Hu Jintao says one thing and does the other

Sudan is the best-known and least-addressed problem in global affairs: an estimated 200,000 civilians killed in its Darfur region since 2003, with another 2 million displaced. Thanks largely to oil sales to China, Sudan is also an economic success story, with growth for 2006 estimated at over 10 percent. Chinese President Hu Jintao is thus ...

604259_bashir_hu2_05.jpg
604259_bashir_hu2_05.jpg

Sudan is the best-known and least-addressed problem in global affairs: an estimated 200,000 civilians killed in its Darfur region since 2003, with another 2 million displaced. Thanks largely to oil sales to China, Sudan is also an economic success story, with growth for 2006 estimated at over 10 percent. Chinese President Hu Jintao is thus ideally placed to pressure Sudan's government to clean up its act. On his recent visit to Khartoum, Hu duly played the statesman, pointedly telling Sudanese President Omar Hassan al-Bashir that the Darfur problem had to be solved.

The Chinese checkbook, however, tells a different story. First, Hu signed off an interest-free loan of $12.9 million for Bashir to build himself a new palace. Item number two is the $70 million of debt written off by the Chinese.

And so Hu delivered Bashir, the man most responsible for four years of carnage in Darfur, a gentle slap on the wrist accompanied by a financial bear hug. The underlying message was clear: Keep the oil flowing, and we'll watch your back. If the Sudan visit is anything to judge by, the day of China as a responsible world power is a long way off.

Sudan is the best-known and least-addressed problem in global affairs: an estimated 200,000 civilians killed in its Darfur region since 2003, with another 2 million displaced. Thanks largely to oil sales to China, Sudan is also an economic success story, with growth for 2006 estimated at over 10 percent. Chinese President Hu Jintao is thus ideally placed to pressure Sudan’s government to clean up its act. On his recent visit to Khartoum, Hu duly played the statesman, pointedly telling Sudanese President Omar Hassan al-Bashir that the Darfur problem had to be solved.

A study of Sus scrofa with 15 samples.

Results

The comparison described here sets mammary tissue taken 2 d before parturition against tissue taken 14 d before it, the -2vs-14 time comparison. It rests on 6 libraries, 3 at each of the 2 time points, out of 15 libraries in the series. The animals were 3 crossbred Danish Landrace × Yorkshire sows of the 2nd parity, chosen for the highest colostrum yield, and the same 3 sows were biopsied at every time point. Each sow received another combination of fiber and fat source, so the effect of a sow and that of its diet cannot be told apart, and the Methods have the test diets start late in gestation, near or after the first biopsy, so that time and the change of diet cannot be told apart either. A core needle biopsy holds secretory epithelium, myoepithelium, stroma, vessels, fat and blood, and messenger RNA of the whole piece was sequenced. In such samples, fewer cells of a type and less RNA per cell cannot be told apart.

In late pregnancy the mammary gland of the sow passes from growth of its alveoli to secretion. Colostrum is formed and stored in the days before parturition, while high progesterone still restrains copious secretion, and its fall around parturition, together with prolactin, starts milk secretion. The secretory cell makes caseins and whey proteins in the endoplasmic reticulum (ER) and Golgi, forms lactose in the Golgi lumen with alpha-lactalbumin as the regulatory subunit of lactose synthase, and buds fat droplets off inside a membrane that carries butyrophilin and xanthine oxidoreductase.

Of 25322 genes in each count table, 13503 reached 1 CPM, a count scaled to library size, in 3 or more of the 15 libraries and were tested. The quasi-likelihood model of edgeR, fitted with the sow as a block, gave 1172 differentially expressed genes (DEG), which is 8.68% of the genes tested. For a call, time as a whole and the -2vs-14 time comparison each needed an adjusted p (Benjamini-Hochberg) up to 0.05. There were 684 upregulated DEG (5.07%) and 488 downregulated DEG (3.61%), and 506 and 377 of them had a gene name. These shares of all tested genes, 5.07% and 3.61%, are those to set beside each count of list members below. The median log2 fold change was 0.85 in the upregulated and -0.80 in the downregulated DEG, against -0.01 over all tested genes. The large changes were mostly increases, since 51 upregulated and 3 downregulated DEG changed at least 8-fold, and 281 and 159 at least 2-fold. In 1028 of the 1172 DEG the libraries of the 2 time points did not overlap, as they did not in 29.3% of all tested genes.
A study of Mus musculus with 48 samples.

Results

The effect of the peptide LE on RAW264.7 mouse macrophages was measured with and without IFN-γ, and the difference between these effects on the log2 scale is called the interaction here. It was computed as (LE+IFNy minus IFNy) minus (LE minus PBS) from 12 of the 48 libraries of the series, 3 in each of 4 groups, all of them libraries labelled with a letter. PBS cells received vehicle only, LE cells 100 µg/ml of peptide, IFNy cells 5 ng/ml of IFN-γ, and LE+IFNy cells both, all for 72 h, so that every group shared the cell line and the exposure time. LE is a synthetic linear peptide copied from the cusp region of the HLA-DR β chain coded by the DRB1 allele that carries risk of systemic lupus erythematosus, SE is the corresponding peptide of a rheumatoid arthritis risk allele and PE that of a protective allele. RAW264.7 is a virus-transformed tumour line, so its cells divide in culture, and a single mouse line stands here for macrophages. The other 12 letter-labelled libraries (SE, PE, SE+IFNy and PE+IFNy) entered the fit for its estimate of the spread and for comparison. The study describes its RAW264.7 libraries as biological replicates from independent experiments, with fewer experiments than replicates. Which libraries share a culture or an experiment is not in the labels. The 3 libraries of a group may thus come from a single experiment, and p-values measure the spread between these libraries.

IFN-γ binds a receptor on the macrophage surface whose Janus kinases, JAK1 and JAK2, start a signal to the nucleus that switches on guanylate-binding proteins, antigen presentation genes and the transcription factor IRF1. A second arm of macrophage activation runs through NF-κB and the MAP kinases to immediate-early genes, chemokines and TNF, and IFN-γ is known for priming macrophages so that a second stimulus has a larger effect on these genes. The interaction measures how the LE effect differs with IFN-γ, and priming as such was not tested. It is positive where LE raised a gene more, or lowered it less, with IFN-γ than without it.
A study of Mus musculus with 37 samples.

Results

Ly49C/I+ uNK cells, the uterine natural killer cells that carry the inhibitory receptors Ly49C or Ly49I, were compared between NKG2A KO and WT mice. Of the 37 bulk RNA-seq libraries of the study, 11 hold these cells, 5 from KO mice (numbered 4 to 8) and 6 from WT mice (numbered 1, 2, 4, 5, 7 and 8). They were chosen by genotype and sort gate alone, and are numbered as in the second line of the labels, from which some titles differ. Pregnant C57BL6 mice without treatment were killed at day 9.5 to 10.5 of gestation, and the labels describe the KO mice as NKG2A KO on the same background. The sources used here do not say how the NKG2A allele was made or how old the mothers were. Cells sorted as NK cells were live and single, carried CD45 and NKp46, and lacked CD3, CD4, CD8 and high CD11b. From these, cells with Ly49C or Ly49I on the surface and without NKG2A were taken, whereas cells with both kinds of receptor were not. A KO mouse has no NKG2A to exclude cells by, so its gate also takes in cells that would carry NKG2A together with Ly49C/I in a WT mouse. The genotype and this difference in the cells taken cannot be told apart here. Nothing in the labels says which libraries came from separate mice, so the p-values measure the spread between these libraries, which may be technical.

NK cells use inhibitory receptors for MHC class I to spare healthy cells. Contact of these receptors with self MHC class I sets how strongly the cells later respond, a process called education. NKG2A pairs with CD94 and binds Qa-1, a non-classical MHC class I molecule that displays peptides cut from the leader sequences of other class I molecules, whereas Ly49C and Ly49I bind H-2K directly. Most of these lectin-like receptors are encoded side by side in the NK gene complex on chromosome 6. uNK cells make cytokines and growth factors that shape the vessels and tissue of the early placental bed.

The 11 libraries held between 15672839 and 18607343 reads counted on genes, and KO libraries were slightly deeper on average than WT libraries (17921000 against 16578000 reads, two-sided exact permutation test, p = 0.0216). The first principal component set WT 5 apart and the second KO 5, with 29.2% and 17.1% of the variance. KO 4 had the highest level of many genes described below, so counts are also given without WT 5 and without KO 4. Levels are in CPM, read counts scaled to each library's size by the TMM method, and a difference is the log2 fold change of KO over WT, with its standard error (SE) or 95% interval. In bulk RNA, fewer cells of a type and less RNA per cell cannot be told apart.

The Chinese checkbook, however, tells a different story. First, Hu signed off an interest-free loan of $12.9 million for Bashir to build himself a new palace. Item number two is the $70 million of debt written off by the Chinese.

And so Hu delivered Bashir, the man most responsible for four years of carnage in Darfur, a gentle slap on the wrist accompanied by a financial bear hug. The underlying message was clear: Keep the oil flowing, and we’ll watch your back. If the Sudan visit is anything to judge by, the day of China as a responsible world power is a long way off.